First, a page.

In the Garden:
Is there anything prettier than a dogwood in bloom?
New Dogwood Varieties
Our beloved flowering dogwood (Cornus florida) has been having a tough time of it lately. Over the last 20 years a disease called dogwood anthracnose has taken its toll on dogwood trees throughout the country. The southern states have been hardest hit; the disease has killed nearly all the native dogwoods in the Great Smoky Mountains National Park.
The native range of flowering dogwood covers much of the eastern half of the country, from New England to Minnesota and south to Texas and Florida. Like many native plants, dogwoods provide food for wildlife. Dozens of bird and mammals rely on the fruit for sustenance, including songbirds, wild turkeys, deer, and black bears. So the decline of the dogwood affects not only our home landscapes but may also have implications for wildlife populations.
Everyone Loves Dogwoods
The dogwood's delicate flowers would be beautiful any time, but this floral display is especially welcome in early spring. Dogwoods are widely planted as ornamentals, favored for their small stature, graceful, tiered branch structure, and spring blooms. (Technically speaking, the white "petals" are bracts; the true flowers are the small yellow structures in the center.)
How popular is the dogwood? It's the state flower of North Carolina, the state tree of Missouri, and the state flower and state tree of Virginia! New Jersey chose the dogwood as its state memorial tree, and a related tree -- the Pacific dogwood -- is the official flower of British Columbia.
Dogwood anthracnose threatens to send dogwoods the way of the American chestnut and elm, both of which were wiped out by a fungal disease. And like chestnut blight and Dutch elm disease, the fungus that causes dogwood anthracnose is likely foreign in origin and was inadvertently introduced into the U.S. Symptoms of infection include leaf spots and stem cankers; infected mature trees may live up to three years, but young trees often die soon after infection.
Anthracnose is most destructive to dogwoods in native woodlands where they grow in the dappled shade of larger trees. Individual dogwood trees in the home landscape appear to be less bothered, at least right now, possibly because as specimen trees they receive more sun and better air circulation than trees in a wooded setting.
A Bright Spot on the Horizon
A team of University of Tennessee researchers has been hard at work trying to find anthracnose-resistant varieties, and it's not just altruism on their part. Growers in Tennessee supply about 80 percent of the dogwoods sold in the nursery trade, valued at up to $50 million annually. The team's first variety release, 'Appalachian Spring', was cloned from a dogwood tree found in Catoctin Mountain Park in northern Maryland -- the only tree left standing in an area otherwise devastated by the disease. While 'Appalachian Spring' may not be immune to anthracnose, it has shown strong resistance to infection.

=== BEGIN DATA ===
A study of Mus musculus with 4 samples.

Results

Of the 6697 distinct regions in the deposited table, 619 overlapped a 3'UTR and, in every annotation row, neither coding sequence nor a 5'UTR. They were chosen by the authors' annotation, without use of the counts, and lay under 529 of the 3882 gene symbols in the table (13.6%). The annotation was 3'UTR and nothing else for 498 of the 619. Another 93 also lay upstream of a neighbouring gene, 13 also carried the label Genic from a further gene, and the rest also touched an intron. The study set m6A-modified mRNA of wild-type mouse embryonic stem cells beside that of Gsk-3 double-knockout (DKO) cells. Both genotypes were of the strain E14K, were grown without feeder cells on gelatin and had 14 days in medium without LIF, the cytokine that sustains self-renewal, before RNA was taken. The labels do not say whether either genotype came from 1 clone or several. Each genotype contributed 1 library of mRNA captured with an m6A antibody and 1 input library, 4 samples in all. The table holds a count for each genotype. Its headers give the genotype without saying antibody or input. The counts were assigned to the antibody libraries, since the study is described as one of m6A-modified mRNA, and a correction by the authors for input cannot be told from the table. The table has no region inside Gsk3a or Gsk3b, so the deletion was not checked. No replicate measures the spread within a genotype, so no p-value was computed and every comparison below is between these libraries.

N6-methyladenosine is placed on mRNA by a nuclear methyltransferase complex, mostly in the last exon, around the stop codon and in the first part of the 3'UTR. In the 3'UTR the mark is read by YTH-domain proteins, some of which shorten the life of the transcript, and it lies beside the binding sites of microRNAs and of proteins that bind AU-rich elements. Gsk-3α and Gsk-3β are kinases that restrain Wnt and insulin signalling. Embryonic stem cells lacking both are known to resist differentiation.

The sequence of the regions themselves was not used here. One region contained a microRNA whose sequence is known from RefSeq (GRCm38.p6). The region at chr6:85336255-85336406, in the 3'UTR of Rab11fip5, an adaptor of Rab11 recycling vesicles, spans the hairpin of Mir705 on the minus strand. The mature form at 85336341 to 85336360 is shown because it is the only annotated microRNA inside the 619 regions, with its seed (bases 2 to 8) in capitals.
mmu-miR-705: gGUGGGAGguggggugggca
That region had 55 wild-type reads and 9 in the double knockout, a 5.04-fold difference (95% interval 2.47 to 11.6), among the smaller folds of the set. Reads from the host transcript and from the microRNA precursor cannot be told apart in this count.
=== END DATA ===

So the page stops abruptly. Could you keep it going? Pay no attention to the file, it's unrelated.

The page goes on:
Crosses of flowering dogwood with Kousa dogwood (Cornus kousa) also have shown strong resistance to anthracnose, and several varieties are commonly available, including the Stellar series released by Rutgers University. The hybrids begin flowering just as the flowers of the native dogwood begin to fade. Some references indicate that the branching structure on the hybrids is weaker than on the species, and the trees are prone to splitting.
As if one disease weren't enough, the incidence of powdery mildew on dogwoods also is on the rise. Although rarely fatal on its own, powdery mildew weakens trees, and the strain that affects dogwoods seems to be especially virulent. Unlike anthracnose, powdery mildew readily attacks trees in the home landscape. The one-two punch of anthracnose and powdery mildew is of great concern. As you might guess, the research team at the University of Tennessee is addressing this threat, too. They have released three mildew-resistant varieties, called 'Appalachian Snow', 'Appalachian Mist', and 'Appalachian Blush'.
The dogwood research team continues to look for trees showing resistance to both anthracnose and powdery mildew -- the "holy grail," in the words of one of the team leaders. Whether they'll find a naturally occurring resistant variety or create one with traditional crossbreeding techniques, the outlook seems hopeful.
In the meantime, growers are gearing up their production of the new disease-resistant dogwoods. Since the trees take several years to reach a marketable size, supplies are limited. Greenwood Nursery (http://greenwoodnursery.com) will have 'Appalachian Spring' for sale this fall.
The Stellar series of hybrid dogwoods are widely available; mail-order sources include Carroll Gardens (http://www.carrollgardens.com) and Greer Gardens (http://www.greergardens.com/).
You can help the University of Tennessee Dogwood Research group locate disease-resistant trees to use in their breeding program. For more information, go to http://eppserver.ag.utk.edu/Dogwood/June2002/helpus.htm.